Owor explains that if a man didn’t have the resources to complete the payment of the bride price at once, the woman would stay with her husband till their first daughter is married and the money will be used to pay for her mother’s bride price. He argues that the arrangement made the woman content and respectful in her marital home.
23 May 2022 08:47

Audio 7

Acholi cultural leaders are discouraging their subjects from fundraising for traditional marriage, saying it is behind the increasing cases of divorce in the sub-region. In the past in the Acholi tradition, a man was dependent on the leaders and elders of his lineage for marriage as they would contribute the bride price in terms of materials such as goats, cattle, and money. 

While the elders from the woman’s clan were involved in the discussions and negotiations surrounding the marriage. A specific date was set for delivering the bride price either in full or by installment.  Even after the first installment, the girl became part of the man’s clan. Often the dowry was not consumed or spent but saved to offset her sister-in-law’s dowry when her brother was ready to marry. 

Additionally, marriages could be organized without the consent of the boy and girl, where if a father preferred the daughter of his friend over other girls for his son, the two fathers could strike a deal and compel the children to get married. This happened because it was often the father’s wealth that gave the boy the bride price, so the boy had little say in the arrangement. Dowry refunds were made in the event of divorce, although the value depended on the terms agreed upon when the dowry is paid. 

However, arranged marriages and where the fathers have the final say in the marriage of their children have become rare due to the freedom of choice and modernity. Payment of bride price is now mainly a nuclear-family affair. Because of the pressure of shouldering the weight of the marriage singly, men now ask friends, colleagues, and neighbors to contribute money for their marriage. Some brides even get involved in fundraising money for their own marriage.  

However, officials at the Acholi Cultural Institution, say this modern way of looking for resources for marriage is the reason many marriages are shaky and divorces are common.  Rwot Faustino Owor, the head of the fifteen chiefdoms in Agago district told Uganda Radio Network in an interview that traditionally money for traditional marriage came from a household or clans.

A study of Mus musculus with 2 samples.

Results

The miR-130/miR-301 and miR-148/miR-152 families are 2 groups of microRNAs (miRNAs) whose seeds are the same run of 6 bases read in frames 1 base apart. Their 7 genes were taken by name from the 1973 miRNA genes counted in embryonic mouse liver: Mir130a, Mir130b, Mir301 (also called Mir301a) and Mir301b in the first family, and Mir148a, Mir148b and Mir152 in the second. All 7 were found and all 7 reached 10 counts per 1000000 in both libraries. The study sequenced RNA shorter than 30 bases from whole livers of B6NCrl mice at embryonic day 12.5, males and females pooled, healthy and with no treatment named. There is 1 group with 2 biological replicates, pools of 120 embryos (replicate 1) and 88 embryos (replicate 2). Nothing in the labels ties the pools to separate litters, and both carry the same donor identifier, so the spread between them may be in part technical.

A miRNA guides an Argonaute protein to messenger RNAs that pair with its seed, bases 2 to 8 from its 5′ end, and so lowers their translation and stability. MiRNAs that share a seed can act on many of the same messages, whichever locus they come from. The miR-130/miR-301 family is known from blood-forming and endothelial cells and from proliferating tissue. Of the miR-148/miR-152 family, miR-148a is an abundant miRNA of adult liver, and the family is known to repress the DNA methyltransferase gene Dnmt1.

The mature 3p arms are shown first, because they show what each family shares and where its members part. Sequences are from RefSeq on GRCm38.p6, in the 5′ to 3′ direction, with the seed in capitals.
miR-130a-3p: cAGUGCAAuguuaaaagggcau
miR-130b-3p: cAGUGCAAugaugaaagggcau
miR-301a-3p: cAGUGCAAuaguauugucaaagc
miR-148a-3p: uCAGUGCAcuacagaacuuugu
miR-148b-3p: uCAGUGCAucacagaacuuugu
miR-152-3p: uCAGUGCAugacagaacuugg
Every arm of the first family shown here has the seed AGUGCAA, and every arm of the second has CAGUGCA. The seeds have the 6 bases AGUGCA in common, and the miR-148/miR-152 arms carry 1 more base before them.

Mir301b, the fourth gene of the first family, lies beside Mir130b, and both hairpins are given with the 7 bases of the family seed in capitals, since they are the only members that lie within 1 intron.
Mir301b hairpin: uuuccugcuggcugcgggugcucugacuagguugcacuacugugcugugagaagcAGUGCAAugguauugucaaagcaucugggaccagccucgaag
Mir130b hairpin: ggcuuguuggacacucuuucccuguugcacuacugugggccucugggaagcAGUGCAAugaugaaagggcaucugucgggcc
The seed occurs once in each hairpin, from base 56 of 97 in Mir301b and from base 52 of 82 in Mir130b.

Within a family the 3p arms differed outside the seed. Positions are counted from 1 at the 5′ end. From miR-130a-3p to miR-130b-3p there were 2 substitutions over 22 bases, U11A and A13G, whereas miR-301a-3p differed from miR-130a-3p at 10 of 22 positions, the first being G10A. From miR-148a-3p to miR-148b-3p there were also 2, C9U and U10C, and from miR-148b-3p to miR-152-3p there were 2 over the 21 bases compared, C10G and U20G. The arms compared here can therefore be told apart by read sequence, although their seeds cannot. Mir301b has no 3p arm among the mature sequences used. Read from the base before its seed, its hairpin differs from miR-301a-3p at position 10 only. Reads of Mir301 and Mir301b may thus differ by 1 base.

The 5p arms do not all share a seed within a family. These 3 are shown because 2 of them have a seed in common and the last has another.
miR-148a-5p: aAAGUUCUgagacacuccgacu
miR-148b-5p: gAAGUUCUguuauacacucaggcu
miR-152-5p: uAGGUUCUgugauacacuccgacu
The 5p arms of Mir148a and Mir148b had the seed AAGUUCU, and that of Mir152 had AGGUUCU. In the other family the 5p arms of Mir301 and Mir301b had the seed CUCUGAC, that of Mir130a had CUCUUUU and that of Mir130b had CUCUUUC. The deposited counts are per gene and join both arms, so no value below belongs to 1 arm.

Owor explains that if a man didn’t have the resources to complete the payment of the bride price at once, the woman would stay with her husband till their first daughter is married and the money will be used to pay for her mother’s bride price. He argues that the arrangement made the woman content and respectful in her marital home. 

Luo byte

//Cue in: “Lim nyom pe kijogo…”   

Cue out:…Acholi oweki ba.”//

Rwot Owor notes that the Acholi believed that if a man got money from other people who are not of his clan it comes with all the blessings, but when one is forced to contribute money for the marriage of one he is not even related to, they give the money begrudgingly and the union wouldn’t be healthy.  

Luo byte 

//Cue in: “Acholi waconi lim…”

Cue out: …pe bedo maber ya.”//

Rwot Kassimiro Ongom, the chief of Patongo clan in Agago district, says almost 60 percent of the things itemized on the marriage list are not required in the Acholi culture but are imported from other cultures.  

Luo byte 

//Cue in: “Me acel wel…”

Cue out: …ma lamal tutwal.”// 

Kassimiro advises Acholi to revert to their old practice of elopement before marriage. He says this helped the man and women to know each other’s weaknesses, including impotence before they decide whether or not to continue with the union.  

Luo byte 

//Cue in: “Kidwok tekwaro…”

Cue out: …okato ki iye.”//

Alex Oyet, the coordinator of Acholi Cultural Institution in Kitgum, Pader, Agago, and Lawmo districts, says the traditional way of marriage in Acholi was changed by individuals.  Oyet also argues that the rate of divorce in Acholi is high because the money collected from people of other clans does not have the spirit of the clan of the persons getting married.

//Cue in: “It changes…” 

Cue out: …are breaking up.”// 

Oyet explains that in Acholi people get money for marriage from their own clan because a woman is not only for the husband she gets married to but she is a mother of children in the entire clan, adding that another clan can contribute only after a collective resolution is made.   

//Cue in: “You cannot contribute…”   

Cue out: …must own your wife.”//

Oyet explains that separation has become common because men don’t feel the pain of raising money themselves to pay the bride price and divorce at will, and mostly on flimsy grounds.   

//Cue in: “You cannot also…”   

Cue out: …or the family members,”// 

Some people say they seek financial help because marriage is now expensive and since it involves two people, they must all contribute towards it. However, Oyet says that explains why the cultural chiefs came up with a maximum price for the bride price, to make it easier for men to pay the bride price. 

In 2020, Acholi cultural chiefs passed a by-law limited bride price to Shillings 5million. The bye-law followed discussions that started in 2018 to prevent what they termed as commercialization of traditional marriages.